2002 Masters: Amateurs make the most of thier Masters experience
Augusta, Ga. | Amateurs took their lumps at the 66th Masters. But they’ll get over it.
Ben “Bubba” Dickerson, Michael Hoey and Robert Hamilton launch pro careers this week. Tim Jackson turns his attention back to the hotel management and car fleet leasing company in which he’s a general partner. Chez Reavie has exams at Arizona State and the upcoming NCAA Championship to worry about.
British Amateur champion Hoey made the best showing of the bunch, shooting 75-73–148. His 4-over-par total was one shot shy of the cut. Players can only claim the silver cup for Masters low amateur if they make the cut.
“I played pretty good,” said Hoey. “I tried hard this week. I missed it by one. That’s not disastrous.”
Hoey, 23, from Northern Ireland, played for Clemson and on the victorious 2001 Great Britain & Ireland Walker Cup team. He hopes to earn his PGA European Tour card via sponsor exemptions, although he’s already used four this season. He tied for 12th at the Dubai Desert Classic in February and tied for 11th last year at the Scottish Open at Loch Lomond, where he’ll play this July as a pro.
As the reigning U.S. Amateur champion, Dickerson was paired with defending Masters champion Tiger Woods. After opening with a 79, Dickerson bounced back with a 71 in the prolonged second round. He was 2 under through 10 holes Friday before play was suspended because of rain, then restarted Saturday morning with two bogeys. A birdie at the 15th righted the ship and left him secure in his plans to announce April 16 his decision to turn professional.
“That was my goal,” Dickerson said. “I knew I wasn’t going to make the cut, but I wanted to make an under-par score. I hit the ball pretty well. It’s just a matter of making putts and managing my game a little better. That’s what killed me this week. It’s just that I didn’t manage the course well the first day.”
Dickerson was married in December and will turn 21 on May 6. He left the University of Florida in January and expects to make his professional debut April 25 at the Greater Greensboro Chrysler Classic, playing on a sponsor exemption. In turning professional, Dickerson loses exemptions as U.S. Amateur champion to compete at the U.S. Open and the British Open this summer. Dickerson said he will attempt regional qualifying for the U.S. Open.
“You always think about the (U.S.) Open, but I don’t think I’d be able to last (as an amateur) until the British,” he said. “It’s pretty expensive to stay amateur that long.
“These days, it’s so tough to get exemptions (on the PGA Tour). If you don’t start at a certain point – early – you’re not going to get your seven exemptions. I just want to make sure I get my seven and have a chance to avoid going to Q-School.”
Dickerson has six available exemptions remaining in 2002 after playing in the Bay Hill Invitational, where he finished 74th.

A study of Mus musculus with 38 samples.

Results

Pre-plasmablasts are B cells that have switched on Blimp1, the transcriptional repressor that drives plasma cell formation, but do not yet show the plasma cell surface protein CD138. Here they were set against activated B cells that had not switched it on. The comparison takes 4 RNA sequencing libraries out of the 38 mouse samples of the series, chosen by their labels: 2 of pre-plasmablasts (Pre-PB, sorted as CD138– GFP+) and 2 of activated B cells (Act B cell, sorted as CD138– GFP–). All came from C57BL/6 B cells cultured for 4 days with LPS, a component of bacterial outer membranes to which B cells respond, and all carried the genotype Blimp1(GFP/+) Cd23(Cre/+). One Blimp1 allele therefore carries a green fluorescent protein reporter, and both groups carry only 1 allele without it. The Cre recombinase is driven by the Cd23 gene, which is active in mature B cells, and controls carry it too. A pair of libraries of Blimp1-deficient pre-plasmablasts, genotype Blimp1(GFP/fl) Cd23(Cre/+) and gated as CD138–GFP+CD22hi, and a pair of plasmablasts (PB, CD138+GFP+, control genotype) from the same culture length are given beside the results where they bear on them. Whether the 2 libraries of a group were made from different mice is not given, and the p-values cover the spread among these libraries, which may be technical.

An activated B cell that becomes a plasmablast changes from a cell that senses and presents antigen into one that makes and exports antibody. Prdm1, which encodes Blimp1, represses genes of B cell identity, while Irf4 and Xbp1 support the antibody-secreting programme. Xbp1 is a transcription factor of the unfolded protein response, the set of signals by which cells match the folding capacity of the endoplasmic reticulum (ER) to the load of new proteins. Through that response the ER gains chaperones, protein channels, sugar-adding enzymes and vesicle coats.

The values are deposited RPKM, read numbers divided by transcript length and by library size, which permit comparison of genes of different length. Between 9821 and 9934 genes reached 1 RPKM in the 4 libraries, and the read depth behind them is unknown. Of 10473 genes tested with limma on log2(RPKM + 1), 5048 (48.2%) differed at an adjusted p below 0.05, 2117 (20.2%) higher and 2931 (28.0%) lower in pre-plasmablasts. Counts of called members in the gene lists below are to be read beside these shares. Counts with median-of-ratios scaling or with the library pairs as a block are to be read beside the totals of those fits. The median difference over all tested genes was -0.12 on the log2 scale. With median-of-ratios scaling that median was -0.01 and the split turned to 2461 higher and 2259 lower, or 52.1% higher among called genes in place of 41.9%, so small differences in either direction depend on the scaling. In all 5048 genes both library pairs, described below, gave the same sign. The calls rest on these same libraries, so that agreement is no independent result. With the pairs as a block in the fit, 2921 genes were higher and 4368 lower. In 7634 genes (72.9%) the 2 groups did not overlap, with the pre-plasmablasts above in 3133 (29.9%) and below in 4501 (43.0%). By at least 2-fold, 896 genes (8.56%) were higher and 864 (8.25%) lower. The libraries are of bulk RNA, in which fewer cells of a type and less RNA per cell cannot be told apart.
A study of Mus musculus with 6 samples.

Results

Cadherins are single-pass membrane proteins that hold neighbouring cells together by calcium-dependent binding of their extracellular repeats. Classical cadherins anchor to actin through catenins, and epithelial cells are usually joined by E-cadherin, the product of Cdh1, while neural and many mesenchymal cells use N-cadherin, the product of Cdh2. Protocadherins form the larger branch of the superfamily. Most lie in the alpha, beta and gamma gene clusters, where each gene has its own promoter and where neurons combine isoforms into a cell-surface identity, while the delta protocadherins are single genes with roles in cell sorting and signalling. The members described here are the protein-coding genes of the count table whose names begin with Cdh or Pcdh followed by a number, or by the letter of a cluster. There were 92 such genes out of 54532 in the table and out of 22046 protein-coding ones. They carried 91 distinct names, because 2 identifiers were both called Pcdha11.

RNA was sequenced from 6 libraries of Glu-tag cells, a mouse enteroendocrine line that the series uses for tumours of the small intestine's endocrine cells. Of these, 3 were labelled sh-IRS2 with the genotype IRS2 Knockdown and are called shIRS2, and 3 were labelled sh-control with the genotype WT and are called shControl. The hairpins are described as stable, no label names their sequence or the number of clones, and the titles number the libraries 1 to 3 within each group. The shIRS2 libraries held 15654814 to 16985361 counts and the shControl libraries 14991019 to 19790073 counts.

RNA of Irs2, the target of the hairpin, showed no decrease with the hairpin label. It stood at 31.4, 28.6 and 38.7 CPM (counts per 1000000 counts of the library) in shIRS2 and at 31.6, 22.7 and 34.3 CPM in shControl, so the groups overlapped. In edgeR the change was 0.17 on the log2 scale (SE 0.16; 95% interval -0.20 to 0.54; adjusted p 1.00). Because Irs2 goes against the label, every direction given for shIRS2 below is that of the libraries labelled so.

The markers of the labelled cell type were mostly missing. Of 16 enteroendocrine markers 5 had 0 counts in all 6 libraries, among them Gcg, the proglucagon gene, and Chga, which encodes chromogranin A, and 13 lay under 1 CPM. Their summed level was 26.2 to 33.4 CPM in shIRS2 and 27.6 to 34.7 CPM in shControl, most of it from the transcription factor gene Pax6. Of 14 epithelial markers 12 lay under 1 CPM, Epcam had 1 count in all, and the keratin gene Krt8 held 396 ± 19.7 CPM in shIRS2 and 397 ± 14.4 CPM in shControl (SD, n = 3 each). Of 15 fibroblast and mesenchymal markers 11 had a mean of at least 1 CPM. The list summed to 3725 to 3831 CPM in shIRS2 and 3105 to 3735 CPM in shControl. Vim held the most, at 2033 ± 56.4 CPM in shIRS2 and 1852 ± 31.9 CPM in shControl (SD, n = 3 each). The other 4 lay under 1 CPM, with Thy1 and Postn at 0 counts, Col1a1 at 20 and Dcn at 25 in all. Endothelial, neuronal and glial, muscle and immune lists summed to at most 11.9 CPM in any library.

Also competing in the sponsor-exemption arena will be the dapper Hamilton, who shot 77-77–154 but had the amazing good fortune to be paired with Arnold Palmer in the King’s final appearance as a Masters competitor.
“Playing the Masters is a dream, but playing with Arnold Palmer – it was just unimaginable to get that pairing,” said Hamilton, who made a point of getting to the course early Thursday so he could watch Sam Snead open the proceedings. “It’s a story for my grandchildren, where I was when Arnold Palmer walked up 18 at the Masters.”
Hamilton, 23, graduated from Cal-Berkeley in 2000, but opted to hone his game – and his body – as an amateur for a year before turning professional. His plans were extended to include a Masters date when he finished as runner-up to Dickerson at the U.S. Amateur. Now, he’s waiting for PGA Tour sponsor exemptions (the B.C. Open and FedEx St. Jude have expressed interest) and hoping to Monday qualify for some Buy.com Tour events.
Jackson, the 43-year-old U.S. Mid-Amateur champion from Germantown, Tenn., tied Hamilton and Sandy Lyle for 76th place, shooting 76-78–154 in his second Masters (he also won the 1994 Mid-Am).
“I didn’t have my best game this week,” said Jackson, who plans to play his usual full slate of national amateur events this summer.
Reavie finished 85th, shooting 74-86–160 and finishing ahead of only Palmer and Charles Coody, but he may have been the most grateful player to compete at Augusta National. Five months ago, Reavie feared his Masters debut was in jeopardy. The U.S. Public Links champion’s left wrist was encased in a cast, and his prognosis for recovery uncertain.
“It was scary. Very, very scary,” said Reavie. “I was shaken. I had no idea what to expect.”
Reavie, 20, injured the wrist during a practice round with his Arizona State teammates last September. A ligament popped loose when he hit something solid while attempting a lob shot out of tree mulch.
Doctors couldn’t agree on a treatment, whether to try risky surgery or lengthy immobilization – neither of which was guaranteed to solve the problem. Reavie ended up in a cast for two months and was unable to hit a golf ball for five months.
He started hitting half wedge shots in February, gradually working his way through the bag. He returned to action for Arizona State later that month in the TaylorMade Big Island Collegiate tournament in Hawaii.
“My driver was 40 yards short, and I was hitting two more clubs with my irons,” Reavie said. “But I still finished fourth, just bunting it around.
“I’ve come a long way in the last month,” he said.